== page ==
Green Grow the Lilacs by Lynn Riggs (1954)
LEC #248/23rd Series V.4 in 1954
Artwork: Lithographs by Thomas Hart Benton
Introduced by Brooks Atkinson
LEC #1440 of 1500. Reprinted by the Heritage Press (Connecticut).
Click images to see larger views.
Front Binding – Occasionally we come across a book that inspired something that exceeded the source material in nearly every aspect; Green Grows the Lilacs is a casebook example. While a superb play in its own right, the 1931 text became the basis of Rodgers and Hammerstein’s musical smash Oklahoma! in 1943, which went on to eclipse the work of Lynn Riggs’ original for decades to come. Thankfully, George Macy didn’t forget, and delivered perhaps one of the most excellent ways of acquiring Riggs’ words in this 1954 issuing from the Limited Editions Club.
This would be one of the “modern” editions the LEC would issue, seeing as Riggs’ theatrics was published during the LEC’s early days in 1931. Unfortunately, he would pass away the same year as this was published (three months before its issuing, as a matter of fact), so he likely never had the opportunity to see the final product. Over his 54 years he produced 21 plays, multiple short stories, poetry, and even a television script, but Green… became his best-known work that secured him a spot in Oklahoma’s Hall of Fame after its 64 performances on Broadway. This would be Riggs’ sole LEC, but the Easton Press reissued the book as a Heritage Press edition during their use of the rights they purchased from the George Macy Company.
Unlike Riggs, the illustrator for this edition was not a one-and-done individual; it was in fact the famous American muralist and painter Thomas Hart Benton, one of the seminal artists of early 20th century Regionalist movement and descendant of the Senator who bared his name (who was the father of Jessie Benton Fremont, a political activist and writer who likely wrote her husband John C. Fremont’s exploits along with her own work). This would serve as Benton’s final contribution for the Limited Editions Club following a very successful run of three Mark Twain classics (The Adventures of Tom Sawyer in 1939, which Macy commented that “Benton was born for the purpose of illustrating Tom Sawyer” in the QM; Adventures of Huckleberry Finn came next in 1942; and last came Life on the Mississippi in 1944) and The Grapes of Wrath in 1940 that was issued as a special publication. A pretty rapid-fire salvo of editions! Tom and Huck stand as two of the titans of LEC publications and tend to command a pretty penny to acquire, in no small part due to Benton.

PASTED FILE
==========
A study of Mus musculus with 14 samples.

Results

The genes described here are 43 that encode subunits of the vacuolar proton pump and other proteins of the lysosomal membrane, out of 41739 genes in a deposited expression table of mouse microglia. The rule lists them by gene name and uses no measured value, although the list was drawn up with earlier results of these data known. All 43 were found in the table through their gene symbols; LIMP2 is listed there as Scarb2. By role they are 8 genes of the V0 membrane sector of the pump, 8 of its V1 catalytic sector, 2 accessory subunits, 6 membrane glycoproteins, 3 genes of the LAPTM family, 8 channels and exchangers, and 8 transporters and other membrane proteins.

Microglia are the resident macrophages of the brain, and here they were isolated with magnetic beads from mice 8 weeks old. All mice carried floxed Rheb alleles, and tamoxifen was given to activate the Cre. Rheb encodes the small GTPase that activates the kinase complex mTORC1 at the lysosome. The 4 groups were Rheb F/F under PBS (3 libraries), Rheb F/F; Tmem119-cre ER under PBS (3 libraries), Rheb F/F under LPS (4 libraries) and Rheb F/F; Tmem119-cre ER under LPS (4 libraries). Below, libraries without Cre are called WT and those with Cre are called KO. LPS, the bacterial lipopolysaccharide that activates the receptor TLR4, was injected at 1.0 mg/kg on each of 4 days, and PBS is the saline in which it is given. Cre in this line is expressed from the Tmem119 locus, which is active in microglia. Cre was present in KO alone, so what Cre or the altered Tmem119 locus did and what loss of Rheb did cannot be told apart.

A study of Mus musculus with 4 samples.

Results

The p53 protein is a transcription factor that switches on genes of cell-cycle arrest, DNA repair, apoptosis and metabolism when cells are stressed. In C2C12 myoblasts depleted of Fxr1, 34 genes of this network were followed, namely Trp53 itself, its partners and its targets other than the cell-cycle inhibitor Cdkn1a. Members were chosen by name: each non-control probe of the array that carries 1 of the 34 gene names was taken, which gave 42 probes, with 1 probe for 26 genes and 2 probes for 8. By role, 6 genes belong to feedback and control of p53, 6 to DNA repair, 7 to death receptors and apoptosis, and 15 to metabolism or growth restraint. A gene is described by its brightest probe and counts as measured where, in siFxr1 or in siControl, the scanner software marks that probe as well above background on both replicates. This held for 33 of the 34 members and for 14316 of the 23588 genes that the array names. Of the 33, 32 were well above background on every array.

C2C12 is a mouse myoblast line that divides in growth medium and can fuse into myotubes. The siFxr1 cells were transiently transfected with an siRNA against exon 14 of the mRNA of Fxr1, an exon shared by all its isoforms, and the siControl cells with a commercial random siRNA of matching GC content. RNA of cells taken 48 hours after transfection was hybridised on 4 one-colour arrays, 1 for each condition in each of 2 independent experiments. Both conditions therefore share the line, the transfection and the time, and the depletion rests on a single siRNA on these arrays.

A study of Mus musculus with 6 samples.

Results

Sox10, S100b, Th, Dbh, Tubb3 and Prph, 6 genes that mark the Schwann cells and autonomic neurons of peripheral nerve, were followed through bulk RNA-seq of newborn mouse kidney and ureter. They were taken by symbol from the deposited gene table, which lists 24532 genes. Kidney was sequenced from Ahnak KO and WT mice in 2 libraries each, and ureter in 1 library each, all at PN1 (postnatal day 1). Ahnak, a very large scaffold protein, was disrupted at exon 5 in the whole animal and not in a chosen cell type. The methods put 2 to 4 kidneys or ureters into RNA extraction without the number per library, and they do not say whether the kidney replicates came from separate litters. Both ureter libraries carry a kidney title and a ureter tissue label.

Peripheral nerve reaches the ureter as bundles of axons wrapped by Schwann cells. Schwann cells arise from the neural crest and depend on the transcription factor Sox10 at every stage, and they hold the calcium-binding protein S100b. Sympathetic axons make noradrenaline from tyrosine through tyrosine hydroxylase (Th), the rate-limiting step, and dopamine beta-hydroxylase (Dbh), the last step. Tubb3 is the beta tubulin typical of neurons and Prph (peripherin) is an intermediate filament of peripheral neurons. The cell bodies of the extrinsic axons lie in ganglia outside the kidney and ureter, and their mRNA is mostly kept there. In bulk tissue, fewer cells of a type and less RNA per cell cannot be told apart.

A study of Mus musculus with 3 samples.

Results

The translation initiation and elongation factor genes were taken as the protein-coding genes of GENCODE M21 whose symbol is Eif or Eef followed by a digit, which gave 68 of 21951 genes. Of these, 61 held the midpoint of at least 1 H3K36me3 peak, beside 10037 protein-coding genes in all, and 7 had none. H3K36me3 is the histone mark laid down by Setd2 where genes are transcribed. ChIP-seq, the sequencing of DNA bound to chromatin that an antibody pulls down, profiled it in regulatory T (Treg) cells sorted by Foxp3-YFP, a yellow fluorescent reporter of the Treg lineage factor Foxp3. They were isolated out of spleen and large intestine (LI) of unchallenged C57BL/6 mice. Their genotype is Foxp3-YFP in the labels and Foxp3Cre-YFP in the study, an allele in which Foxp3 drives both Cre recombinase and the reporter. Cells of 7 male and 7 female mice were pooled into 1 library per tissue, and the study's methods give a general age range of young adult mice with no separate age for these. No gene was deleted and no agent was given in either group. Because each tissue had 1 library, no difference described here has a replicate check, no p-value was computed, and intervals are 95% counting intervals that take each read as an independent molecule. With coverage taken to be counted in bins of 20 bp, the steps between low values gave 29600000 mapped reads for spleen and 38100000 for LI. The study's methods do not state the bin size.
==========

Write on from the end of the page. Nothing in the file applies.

Design Notes – Macy decided to keep the production of this book, so centralized on Riggs’ home state of Oklahoma, in the hands of those who also lived there. He turned to Will Ransom of the University of Oklahoma Press (which is still going strong!) to design and print the book. Per the QM:
Spine – My spine has seen a bit of sunning; I imagine it should be as gray as the front binding.
Title Page – Brooks Atkinson provides an introduction.
Colophon – This is #1440 of 1500, and was signed by Benton.
Examples of Benton’s lithographs (right click and open in new tab for full size):
Personal Notes – I’ve been on the hunt for a Benton LEC for a long while. Since I saw his work at the De Young Museum in San Francisco, I’ve found it compelling, and finally adding Green… to my collection fulfills that need quite nicely. I would like to add the others at some point, but…well, they’re all expensive! Haha. I got this online from Powell’s Books in Portland, OR.